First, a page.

10 Most Ridiculous Oversells In Wrestling History

Pinball Wizards.

123 Kid Chris Hamrick
WWE Network

There's a slight misnomer in the title of this article.

Unquestionably, every item in this list is patently ridiculous. Pro wrestling, and the suffering it inflicts upon the human body is by its very nature ridiculous. Going above and beyond in this inhuman physical suffering is ridiculous. Portraying a kick, punch or throw as if a foe has just imbibed a superpower is, of course ridiculous.

It's the 'oversell' that requires further examination.

Suggesting the performers enclosed 'oversold' theoretically damns them with faint praise. This is categorically not the case. The wrestlers featured have given their bodies to the cause; to the story within the match, to the career of their colleague and to the audience getting the best view of their moment of madness.

Wrestling is a bizarre and brilliant artform - every bit as dangerous as the 'Don't Try This At Home' PSAs suggest and every bit as heartfelt as the apologetic adoration uttered by Shawn Michaels before he put his bullet boot through Ric Flair's head at WrestleMania 24.

These men took bumps where only a gentle drop to the ground was needed. Took pratfalls where a only a bump was required. Defied death when the pratfall would have sufficed. These are ridiculous oversells, but these are also masters at work. The following bumps command just as much awe as the requisite shock.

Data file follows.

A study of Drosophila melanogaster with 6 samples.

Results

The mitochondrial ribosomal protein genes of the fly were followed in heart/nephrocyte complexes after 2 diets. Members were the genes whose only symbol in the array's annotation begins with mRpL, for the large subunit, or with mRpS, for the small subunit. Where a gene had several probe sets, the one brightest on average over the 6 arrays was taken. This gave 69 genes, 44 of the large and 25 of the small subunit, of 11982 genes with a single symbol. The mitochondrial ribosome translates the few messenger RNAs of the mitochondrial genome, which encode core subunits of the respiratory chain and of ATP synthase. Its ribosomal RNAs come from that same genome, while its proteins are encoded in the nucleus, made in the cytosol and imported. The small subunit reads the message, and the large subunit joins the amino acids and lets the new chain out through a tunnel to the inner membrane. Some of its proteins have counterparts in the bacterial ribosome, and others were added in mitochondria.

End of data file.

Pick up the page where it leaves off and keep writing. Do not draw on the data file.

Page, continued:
Well, with one glaring exception. But more on that later...

10. Curt Hennig (Vs Chris Benoit, WCW Nitro)

123 Kid Chris Hamrick
WWE Network

Curt Hennig could fill ten of these lists with with bumps to spare after a career spent donating his body to the fists and fury of his foes.

There was something of a subverted grace to the ugly fashion Hennig's body contorted and twisted in the aftermath of a particular punch or kick. His first retirement in 1991 bore the scars - his back was completely shot after a decade of reckless and futuristic abandon.

This particular effort sold the severity of a Chris Benoit knife-edge chop. 'The Crippler' had one of the hardest in the game at the time, with particular ferocity ordinarily saved for beating some 'respect' into newcomers or getting into needlessly aggressive competitive chest-slap fights with his best mate Eddie Guerrero.

It's a typical Hennig feast with a devastating desert. Rattled into a zombiefied state by a Benoit punch after his pathetic windmill attack failed, Curt soars into the air at the force of the whipped hand.

A glorious dive follows, in which Hennig heads for the deck headfirst before realising that the steel steps are about to break his fall. Even Benoit appears to briefly break character when he clocks the conclusion.